Using a system from Zipline, which runs emergency medical drone deliveries in Rwanda, customers near the company’s Arkansas HQ can get small items parachuted down into their yards.

Walmart drone delivery has started tests, dropping orders from the sky in 30 minutes
[Photo: Zipline]

If someone living in a rural area near the small town of Pea Ridge, Arkansas, feels sick and needs a new thermometer or some Advil, they can now place an order to be delivered to their home by drone instead of getting in a car and driving to a store. Zipline, the drone delivery startup that first launched with emergency medical deliveries in Rwanda, is partnering with Walmart to make drone deliveries around Pea Ridge, near Walmart’s headquarters.

The vision is that eventually the service could be combined with telemedicine and make prescription deliveries. “You could take something like a person seeing their doctor on their iPad [and] take them out of that situation where they have to then get out of bed, put clothes on, drive to the pharmacy, and potentially stand in line with other sick people or healthy people who they might risk getting sick,” says Liam O’Connor, Zipline’s COO. Instead, someone can “have that experience where their prescription shows up on their doorstep 15 minutes after the hangout with a doctor,” he says.

[Photo: Zipline]
Customers near Pea Ridge can use Walmart’s app to choose from thousands of small items, from vitamins and eye drops to baby food. A Walmart employee will bring the item to a Zipline platform behind a store in the area, and a Zipline employee will load and launch the drone. Customers can track the drone via app as it flies over their yard, 15 to 30 minutes later. There’s no delivery fee, and the drops are accurate to the space of a “a couple of parking spaces,” says the company.

[Photo: Zipline]
In Ghana, where the company built the world’s largest drone delivery network, Zipline makes lifesaving deliveries of blood to remote clinics, and after the pandemic began, also started delivering personal protective equipment and COVID-19 vaccines. It also operates in Rwanda, Nigeria, and Japan. In the U.S., it started making deliveries of PPE between health clinics last year. The deliveries for Walmart will be the company’s first in the U.S. to go directly to customer’s homes, after a project that helped deliver PPE to hospitals in North Carolina. In another new partnership, it will also work with a healthcare system in the Salt Lake City area to begin delivering prescriptions and medical supplies to patients from a distribution center.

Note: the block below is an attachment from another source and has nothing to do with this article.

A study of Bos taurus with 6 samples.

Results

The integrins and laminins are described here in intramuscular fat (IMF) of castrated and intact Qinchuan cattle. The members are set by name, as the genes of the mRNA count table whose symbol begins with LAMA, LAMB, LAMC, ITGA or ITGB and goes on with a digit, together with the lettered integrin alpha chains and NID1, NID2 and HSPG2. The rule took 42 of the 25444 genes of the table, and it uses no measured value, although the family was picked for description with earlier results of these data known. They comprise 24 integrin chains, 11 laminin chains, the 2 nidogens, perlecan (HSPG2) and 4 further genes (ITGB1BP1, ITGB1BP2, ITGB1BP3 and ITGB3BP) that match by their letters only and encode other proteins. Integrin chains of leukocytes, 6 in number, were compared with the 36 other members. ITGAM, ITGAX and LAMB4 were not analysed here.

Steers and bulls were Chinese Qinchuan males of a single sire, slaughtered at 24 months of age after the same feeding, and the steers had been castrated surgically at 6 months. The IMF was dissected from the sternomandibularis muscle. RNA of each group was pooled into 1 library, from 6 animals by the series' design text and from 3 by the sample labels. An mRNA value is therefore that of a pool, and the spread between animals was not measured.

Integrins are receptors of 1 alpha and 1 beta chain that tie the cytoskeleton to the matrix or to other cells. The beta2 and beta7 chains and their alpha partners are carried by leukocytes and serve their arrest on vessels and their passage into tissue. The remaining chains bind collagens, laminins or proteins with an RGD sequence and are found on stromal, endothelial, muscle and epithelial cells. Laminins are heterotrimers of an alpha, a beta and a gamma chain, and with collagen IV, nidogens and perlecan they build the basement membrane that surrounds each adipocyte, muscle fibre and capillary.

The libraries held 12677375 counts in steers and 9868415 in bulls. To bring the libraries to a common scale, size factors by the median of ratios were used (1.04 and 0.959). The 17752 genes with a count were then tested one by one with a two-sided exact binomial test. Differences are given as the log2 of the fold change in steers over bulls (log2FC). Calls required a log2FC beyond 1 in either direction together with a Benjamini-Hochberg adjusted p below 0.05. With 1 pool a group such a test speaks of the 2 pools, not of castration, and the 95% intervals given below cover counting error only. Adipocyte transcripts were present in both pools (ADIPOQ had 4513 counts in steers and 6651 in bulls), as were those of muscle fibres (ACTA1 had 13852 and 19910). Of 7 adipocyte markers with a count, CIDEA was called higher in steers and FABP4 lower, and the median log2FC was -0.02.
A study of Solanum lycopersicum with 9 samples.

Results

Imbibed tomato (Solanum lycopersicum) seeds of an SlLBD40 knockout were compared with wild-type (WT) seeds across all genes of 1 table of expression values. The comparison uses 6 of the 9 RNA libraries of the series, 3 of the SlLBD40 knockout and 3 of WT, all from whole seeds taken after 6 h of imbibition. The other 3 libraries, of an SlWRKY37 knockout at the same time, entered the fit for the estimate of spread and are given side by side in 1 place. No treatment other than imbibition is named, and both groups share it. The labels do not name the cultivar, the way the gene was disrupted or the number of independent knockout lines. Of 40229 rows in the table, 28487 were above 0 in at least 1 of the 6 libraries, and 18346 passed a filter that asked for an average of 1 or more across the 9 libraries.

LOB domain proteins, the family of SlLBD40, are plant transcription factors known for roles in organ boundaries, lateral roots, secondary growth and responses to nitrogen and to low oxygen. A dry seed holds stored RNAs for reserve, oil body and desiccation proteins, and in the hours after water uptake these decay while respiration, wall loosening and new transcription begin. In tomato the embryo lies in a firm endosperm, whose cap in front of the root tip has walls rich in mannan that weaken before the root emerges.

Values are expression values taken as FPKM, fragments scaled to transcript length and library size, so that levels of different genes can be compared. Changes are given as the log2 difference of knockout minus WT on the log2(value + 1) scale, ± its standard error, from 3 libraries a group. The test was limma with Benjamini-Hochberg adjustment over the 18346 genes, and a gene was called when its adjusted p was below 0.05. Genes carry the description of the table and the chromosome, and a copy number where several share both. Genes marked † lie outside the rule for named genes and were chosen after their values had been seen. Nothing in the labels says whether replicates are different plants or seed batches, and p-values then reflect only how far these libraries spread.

Using data from its deliveries in Rwanda, Zipline calculated that because drones run on batteries, carbon emissions are reduced by 99% compared to the same delivery made by a van. The emissions were also 98% less than using a car. The same thing wouldn’t be true for every type of delivery—an Amazon or UPS van making rounds in a neighborhood can be fairly efficient. But if someone needs a single item and can avoid driving to pick it up, there’s a clear climate advantage.


Adele Peters is a staff writer at Fast Company who focuses on solutions to some of the world's largest problems, from climate change to homelessness. Previously, she worked with GOOD, BioLite, and the Sustainable Products and Solutions program at UC Berkeley, and contributed to the second edition of the bestselling book "Worldchanging: A User's Guide for the 21st Century."